A Community Painting Project was held at a private event where guests were invited to paint by numbers, but, like most good cacophony, decided to paint by ideals instead. Inspired by Soviet propaganda posters, Inga Bard created prompts reimagining iconic proletariat poses with faces of Bay Area’s progressive creative class and replacing communist slogans with rallying cries seen on Women’s March protest posters.
The images were first designed in Photoshop and transferred onto canvases as a “paint by number” set up with mere suggestion of what to fill in between the lines: red, black, grey?, off white, free form, stars, stripes, smoke stacks, words, etc. No suggested aesthetic. The only parts painted in oil by Bard herself were the flesh of the heroic figures / protesters.
The canvases were then hung at the event with a dress code of “post-apocalyptic interpretive Orwellian”, with brushes and acrylic paint quietly placed underneath yet without any further given instruction. Guests ranged from venture capitalists actively disassembling our world for fun and profit to homeless artists struggling to make ends meet. The result is a set of propaganda posters that revolted into expressionist paintings while amassing an ensemble of paraphernalia ranging from googly eyes and glitter to snark.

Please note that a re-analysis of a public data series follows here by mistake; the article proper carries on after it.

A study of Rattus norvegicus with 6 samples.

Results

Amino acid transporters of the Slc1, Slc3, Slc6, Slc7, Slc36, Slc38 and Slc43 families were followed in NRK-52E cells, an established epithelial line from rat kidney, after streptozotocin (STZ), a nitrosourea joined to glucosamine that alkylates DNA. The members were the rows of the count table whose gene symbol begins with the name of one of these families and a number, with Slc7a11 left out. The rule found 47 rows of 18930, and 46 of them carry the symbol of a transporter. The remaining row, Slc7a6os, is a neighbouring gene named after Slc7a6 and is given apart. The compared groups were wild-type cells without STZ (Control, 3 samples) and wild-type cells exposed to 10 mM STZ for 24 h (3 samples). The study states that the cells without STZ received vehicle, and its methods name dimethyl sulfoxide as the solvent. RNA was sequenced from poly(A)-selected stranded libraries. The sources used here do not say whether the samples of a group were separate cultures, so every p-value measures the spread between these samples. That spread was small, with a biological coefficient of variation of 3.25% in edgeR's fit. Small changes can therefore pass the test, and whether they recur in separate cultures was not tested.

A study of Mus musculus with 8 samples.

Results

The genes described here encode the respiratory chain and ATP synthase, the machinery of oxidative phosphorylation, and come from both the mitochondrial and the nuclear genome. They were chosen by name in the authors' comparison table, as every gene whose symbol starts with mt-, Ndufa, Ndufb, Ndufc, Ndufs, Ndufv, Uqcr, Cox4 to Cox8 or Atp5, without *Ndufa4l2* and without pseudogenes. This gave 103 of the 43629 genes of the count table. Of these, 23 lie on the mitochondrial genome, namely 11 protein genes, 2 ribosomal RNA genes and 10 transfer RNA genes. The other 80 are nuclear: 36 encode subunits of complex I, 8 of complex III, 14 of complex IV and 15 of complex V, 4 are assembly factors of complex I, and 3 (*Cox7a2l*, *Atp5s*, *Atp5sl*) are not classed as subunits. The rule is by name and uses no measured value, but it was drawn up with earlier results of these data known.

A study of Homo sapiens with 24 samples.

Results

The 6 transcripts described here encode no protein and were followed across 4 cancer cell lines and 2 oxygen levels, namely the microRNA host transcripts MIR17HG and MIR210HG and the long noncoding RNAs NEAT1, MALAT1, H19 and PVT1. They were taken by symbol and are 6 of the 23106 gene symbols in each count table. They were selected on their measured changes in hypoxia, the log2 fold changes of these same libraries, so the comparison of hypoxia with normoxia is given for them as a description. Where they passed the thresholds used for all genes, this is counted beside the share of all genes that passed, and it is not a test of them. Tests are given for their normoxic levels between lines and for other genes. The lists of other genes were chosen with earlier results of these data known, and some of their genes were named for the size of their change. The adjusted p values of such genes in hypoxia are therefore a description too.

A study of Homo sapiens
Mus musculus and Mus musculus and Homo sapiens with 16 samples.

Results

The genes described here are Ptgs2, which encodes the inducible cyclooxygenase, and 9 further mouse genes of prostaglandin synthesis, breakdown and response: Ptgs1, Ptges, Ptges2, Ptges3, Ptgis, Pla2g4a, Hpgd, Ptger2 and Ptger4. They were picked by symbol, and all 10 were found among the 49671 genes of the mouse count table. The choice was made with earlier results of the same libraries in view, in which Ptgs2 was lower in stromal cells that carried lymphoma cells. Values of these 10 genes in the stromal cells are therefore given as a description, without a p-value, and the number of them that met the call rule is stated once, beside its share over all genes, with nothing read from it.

These pieces represent the manifest mania of a generation who wrestles with their place in the world. Are we freedom fighters or caricatures of our ancestors? Do we dream in technicolor or in capitalist monuments? The slogans, ripped straight from contemporary opposition narrative, defy the zeitgeist indexing our world.